America’s shale oil undercuts Nigeria’s Bonny Light, India to the rescue
Steady Indian and Indonesian demand has helped lift price indications for two of Nigeria’s top grades, Bonny Light and Qua Iboe crude, to near five-year highs, according to traders and shipping data.
This is happening as America’s light shale oil has led to almost zero demand for Nigeria’s crude in the country. The abundance of the cheaper oil is also putting Nigeria’s premium crude under pressure in Europe, as well.
“It’s only because India’s economy has been growing, and to a lesser extent Indonesia, that there remains decent demand for Nigerian crude. Without those two countries, the European buyers would have dragged the market much lower,” one seller said.
A projected rise in buying from European refineries, which supply fuel to the United States, is offering some support for now. Light Nigerian oil is easily processed into higher octane gasoline increasingly used in the United States, where the summer driving season looms.
As a result, sellers of Bonny Light and Qua Iboe crude are offering at and above a premium of $2.00 a barrel compared to dated Brent, the benchmark North Sea crude.
But European refiners are also driving a hard bargain, balking at higher Nigerian prices when one trader said the market was flooded by “a sea of cheap U.S. oil.”
“We have many options that mean Nigerian won’t work for us at these prices,” another trader said, adding that in addition to U.S. oil, European refiners could turn to North Sea and Caspian Pipeline Consortium (CPC) crudes.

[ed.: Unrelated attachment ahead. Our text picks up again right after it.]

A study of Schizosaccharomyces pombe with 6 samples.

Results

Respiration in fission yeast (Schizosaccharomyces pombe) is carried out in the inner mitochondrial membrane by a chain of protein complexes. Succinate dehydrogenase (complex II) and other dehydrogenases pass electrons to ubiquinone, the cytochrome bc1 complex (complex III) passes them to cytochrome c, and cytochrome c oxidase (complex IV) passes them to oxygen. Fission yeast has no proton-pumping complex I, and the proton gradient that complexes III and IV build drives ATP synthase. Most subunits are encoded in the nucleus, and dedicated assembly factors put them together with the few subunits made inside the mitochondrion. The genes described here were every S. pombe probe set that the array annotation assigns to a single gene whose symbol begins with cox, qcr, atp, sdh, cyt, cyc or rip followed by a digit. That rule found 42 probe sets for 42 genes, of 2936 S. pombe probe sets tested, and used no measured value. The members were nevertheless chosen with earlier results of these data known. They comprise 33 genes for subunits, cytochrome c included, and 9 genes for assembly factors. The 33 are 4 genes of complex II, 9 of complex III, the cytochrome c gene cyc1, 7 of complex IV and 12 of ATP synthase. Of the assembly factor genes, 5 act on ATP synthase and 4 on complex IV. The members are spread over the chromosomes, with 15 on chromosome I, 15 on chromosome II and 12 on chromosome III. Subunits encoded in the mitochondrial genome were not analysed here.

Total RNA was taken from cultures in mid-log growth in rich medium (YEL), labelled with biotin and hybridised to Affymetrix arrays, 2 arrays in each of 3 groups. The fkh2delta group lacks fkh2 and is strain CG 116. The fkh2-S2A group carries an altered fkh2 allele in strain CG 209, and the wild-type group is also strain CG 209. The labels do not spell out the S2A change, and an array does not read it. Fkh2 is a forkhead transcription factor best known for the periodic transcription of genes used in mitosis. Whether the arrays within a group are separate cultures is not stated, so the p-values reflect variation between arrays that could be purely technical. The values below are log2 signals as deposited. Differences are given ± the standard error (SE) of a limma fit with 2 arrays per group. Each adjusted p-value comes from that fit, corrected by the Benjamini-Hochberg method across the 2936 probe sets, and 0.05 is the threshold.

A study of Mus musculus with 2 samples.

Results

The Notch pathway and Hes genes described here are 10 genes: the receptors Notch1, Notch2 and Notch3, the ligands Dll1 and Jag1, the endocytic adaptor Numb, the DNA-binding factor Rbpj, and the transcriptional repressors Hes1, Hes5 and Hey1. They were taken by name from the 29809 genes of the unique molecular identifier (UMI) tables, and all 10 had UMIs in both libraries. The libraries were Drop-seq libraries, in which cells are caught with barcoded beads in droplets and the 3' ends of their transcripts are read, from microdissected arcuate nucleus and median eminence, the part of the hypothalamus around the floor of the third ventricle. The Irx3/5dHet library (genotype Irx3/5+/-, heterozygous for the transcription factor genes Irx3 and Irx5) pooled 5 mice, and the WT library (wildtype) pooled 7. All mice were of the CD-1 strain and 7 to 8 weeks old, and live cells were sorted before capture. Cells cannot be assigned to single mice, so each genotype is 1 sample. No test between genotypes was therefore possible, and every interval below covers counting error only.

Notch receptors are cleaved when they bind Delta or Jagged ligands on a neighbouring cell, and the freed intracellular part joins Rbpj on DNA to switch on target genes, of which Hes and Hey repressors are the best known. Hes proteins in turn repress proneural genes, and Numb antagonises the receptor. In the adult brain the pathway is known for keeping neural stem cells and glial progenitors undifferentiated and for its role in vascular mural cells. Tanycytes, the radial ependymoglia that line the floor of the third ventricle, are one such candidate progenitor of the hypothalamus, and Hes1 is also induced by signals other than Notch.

CPC oil “costs us 50 cents less a barrel compared to the prices being asked for Nigerian, given the freight costs and market structure,” he said.
Sellers of Nigerian crude are still learning to live with the surge in U.S. shale output, which has turned the United States into the world’s top crude producer and dampened demand for imports in what had been a reliable market for Nigeria.
“Nigerian crude has taken a beating for the last 10 years ever since the U.S. scaled back buying,” the seller added.
Nigerian exports of crude and petroleum products to the United States plunged from 36.4 million barrels in July 2010 to just 5.6 million barrels in January 2019, according to the U.S. Energy Information Administration.
After Washington lifted a four-decade ban on exports of U.S. oil in 2015, shipments to Europe hit an all-time high of 25 million barrels in March 2019 from just 2 million barrels in February 2016, Refinitiv Eikon data showed.
This has put a squeeze on a prime Nigerian market.
U.S. oil is also heading to India, where it is increasingly competing with Nigerian crude. Indian Oil Corp, the country’s top refiner, signed its first annual deal to buy U.S. oil in February, paying about $1.5 billion for 60,000 barrels a day up to March 2020.
Despite the pressure from U.S. barrels, Nigerian exports to Europe, India and Indonesia have held generally steady so far.
Consistent tenders from state buyers in India and Indonesia ensure these remain major destinations for Nigerian oil.
But one Asian buyer said Indian tenders were largely finished for the month, and that Nigerian cargoes for April and May would soon need to find buyers in Europe instead.
“Nigerian is facing stiff competition almost everywhere,” a trading source said. “Sooner or later Nigerian oil is going to need to expand into new markets.”